Gratitude Challenge, Day 6

As promised, I am writing an additional entry for the day to cover my gratitude challenge.

Today, I find myself grateful for my friend Laurel, who comments here occasionally (it’s not her real name, so I’m not outing anyone). We met at Menninger, and I found her to be an extremely intelligent and interesting woman. She has been a great support for me; she tends to think more logically and rationally than I do, so when I start freaking out while talking to her, she almost always has a useful suggestion – often one of the skills we’ve learned in treatment, but usually one I have forgotten in the heat of the moment. She’s a good person, and a great friend, and I don’t think I’d feel as secure in Houston without her.

For that matter, I’d like to extend my gratitude to all the readers of my blog. it started out with just a few fellow patients. friends, and family members reading it, but I have acquired several more people along the way who have chosen to follow my mad scribblings. I don’t know how they found their way to my blog, I’m just happy they did; knowing that people read my blog, and that it is circulating beyond the small initial group of readers, is part of what makes me keep writing it. As always, I encourage anyone – and everyone – who reads this to feel free to add comments, criticism, or questions; I try to answer most, if not all, of them.

Finally, for today I am grateful for Jane McGonigal. She wrote a book called Reality is Broken, gave two TED Talks (two links there, one for each talk), and created an online game called SuperBetter, all because she believes that changing the way that society sees and plays games – especially video games – can change the world for the better. I know I have found SuperBetter to be a fun way to do a few things every day to make my life a bit more positive, and the idea that all of the time I have spent playing games – video, roleplaying, and otherwise – doing something productive with my time makes me feel good.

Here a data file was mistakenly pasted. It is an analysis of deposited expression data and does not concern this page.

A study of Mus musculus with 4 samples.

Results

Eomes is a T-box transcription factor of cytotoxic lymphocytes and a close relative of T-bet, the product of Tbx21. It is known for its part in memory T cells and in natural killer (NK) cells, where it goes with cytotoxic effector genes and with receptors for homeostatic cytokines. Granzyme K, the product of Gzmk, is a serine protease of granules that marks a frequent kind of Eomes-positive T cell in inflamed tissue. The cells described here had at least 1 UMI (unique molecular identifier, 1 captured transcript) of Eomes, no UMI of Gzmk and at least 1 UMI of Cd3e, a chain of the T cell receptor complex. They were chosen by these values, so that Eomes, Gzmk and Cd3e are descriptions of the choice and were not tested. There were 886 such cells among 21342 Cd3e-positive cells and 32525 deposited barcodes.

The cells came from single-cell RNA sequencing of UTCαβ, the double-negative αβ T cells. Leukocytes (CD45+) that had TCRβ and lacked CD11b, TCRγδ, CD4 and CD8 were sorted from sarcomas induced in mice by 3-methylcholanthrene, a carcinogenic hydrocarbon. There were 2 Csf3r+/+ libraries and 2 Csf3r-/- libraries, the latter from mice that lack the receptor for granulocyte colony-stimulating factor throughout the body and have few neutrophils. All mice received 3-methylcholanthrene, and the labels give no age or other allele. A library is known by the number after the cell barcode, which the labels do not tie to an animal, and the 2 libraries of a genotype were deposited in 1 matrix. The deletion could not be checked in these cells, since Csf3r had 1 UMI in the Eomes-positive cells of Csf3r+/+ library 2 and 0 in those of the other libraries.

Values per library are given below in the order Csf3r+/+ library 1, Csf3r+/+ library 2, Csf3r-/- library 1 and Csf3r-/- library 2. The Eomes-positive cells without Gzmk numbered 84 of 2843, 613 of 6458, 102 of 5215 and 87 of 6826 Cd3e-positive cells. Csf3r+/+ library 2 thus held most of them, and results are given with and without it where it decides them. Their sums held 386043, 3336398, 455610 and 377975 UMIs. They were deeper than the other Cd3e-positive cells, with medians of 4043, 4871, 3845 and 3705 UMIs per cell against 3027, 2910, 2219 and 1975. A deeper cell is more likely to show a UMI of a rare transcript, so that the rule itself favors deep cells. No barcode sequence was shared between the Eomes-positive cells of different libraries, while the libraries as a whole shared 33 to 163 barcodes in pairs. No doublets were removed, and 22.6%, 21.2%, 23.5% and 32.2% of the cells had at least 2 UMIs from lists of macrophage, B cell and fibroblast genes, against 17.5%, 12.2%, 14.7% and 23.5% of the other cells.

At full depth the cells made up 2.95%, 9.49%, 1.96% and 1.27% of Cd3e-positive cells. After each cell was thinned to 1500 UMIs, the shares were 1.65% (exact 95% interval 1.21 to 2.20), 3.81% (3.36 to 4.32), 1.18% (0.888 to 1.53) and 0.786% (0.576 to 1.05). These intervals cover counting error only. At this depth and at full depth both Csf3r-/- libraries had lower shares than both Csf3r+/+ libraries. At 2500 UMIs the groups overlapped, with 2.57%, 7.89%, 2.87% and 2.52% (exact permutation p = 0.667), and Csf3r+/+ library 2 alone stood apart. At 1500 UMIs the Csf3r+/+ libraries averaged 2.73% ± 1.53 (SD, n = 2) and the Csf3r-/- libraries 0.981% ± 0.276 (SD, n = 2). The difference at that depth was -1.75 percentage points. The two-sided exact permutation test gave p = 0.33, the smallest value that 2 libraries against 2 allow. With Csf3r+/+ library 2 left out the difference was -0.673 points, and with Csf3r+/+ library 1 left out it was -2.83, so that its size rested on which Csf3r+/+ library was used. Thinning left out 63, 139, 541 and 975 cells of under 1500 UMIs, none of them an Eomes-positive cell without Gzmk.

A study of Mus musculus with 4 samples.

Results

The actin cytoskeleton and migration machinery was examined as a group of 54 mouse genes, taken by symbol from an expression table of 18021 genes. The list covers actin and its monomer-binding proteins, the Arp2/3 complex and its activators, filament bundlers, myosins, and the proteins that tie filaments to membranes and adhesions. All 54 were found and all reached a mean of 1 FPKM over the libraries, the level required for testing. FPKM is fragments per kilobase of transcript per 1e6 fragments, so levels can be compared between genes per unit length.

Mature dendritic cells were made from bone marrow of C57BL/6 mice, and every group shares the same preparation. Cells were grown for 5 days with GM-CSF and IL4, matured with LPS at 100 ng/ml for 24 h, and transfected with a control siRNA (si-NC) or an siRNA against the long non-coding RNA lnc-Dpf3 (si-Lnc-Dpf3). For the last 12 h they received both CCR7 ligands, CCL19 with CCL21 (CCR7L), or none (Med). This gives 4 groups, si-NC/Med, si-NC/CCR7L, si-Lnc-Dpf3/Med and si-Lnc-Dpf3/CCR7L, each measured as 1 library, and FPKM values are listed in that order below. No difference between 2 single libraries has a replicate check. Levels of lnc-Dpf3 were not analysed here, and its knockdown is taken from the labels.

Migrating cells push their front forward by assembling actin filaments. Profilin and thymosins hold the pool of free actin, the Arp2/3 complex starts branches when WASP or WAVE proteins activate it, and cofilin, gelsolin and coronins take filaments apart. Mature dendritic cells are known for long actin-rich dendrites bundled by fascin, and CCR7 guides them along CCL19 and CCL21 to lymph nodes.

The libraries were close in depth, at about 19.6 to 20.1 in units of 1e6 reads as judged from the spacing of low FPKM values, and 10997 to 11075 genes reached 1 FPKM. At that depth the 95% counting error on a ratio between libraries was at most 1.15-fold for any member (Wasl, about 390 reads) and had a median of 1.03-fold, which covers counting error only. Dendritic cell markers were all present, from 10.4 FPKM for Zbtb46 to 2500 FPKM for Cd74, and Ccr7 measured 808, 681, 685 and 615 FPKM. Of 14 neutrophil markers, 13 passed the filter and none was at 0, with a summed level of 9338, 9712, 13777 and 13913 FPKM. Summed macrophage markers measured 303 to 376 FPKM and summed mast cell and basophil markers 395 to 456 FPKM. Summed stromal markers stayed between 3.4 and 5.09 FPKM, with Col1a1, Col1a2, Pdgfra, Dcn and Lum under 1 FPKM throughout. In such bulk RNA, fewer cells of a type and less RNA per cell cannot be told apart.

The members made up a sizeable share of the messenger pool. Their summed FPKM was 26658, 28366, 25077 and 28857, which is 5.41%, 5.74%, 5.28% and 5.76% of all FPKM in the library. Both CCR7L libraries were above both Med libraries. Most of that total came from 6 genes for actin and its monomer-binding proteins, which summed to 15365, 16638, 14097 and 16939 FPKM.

As for a positive experience over the last 24 hours, I think I’ll go with one of the groups today, where a former client of the step-down program came in and spoke to us about how coming to the step-down changed, and possibly save, his life. Where before he had been dealing with problems including alcoholism, now he is sober, healthy, and has a decent job. It as nice to get a chance to see that for at least one person, a year down the line, life has actually improved significantly from where it was when he entered the step-down program. I am glad that he was able to do that, and I appreciate that he felt willing and able to come in and speak to us, current clients of the step-down, about how he was doing. I hope that in a year I’ll be able to say the same thing.

As far as exercise goes, today I went swimming for 40 minutes – which, after moving furniture yesterday, means that I am sore. No, really sore. I still managed to get in a few minutes of meditation despite all the soreness, though, which surprised me – I would have thought the pain would be distracting, but it turns out that it focuses the mind really well.

As far as writing an e-mail to a friend, I sent one out to a friend who I lost touch with after she left Menninger; I hope she gets it and responds, because I worry about her and would like to know how she’s doing. I know she’s a strong woman, but I always feel better knowing that my friends are OK.

That’s it for now. Tune in again tomorrow.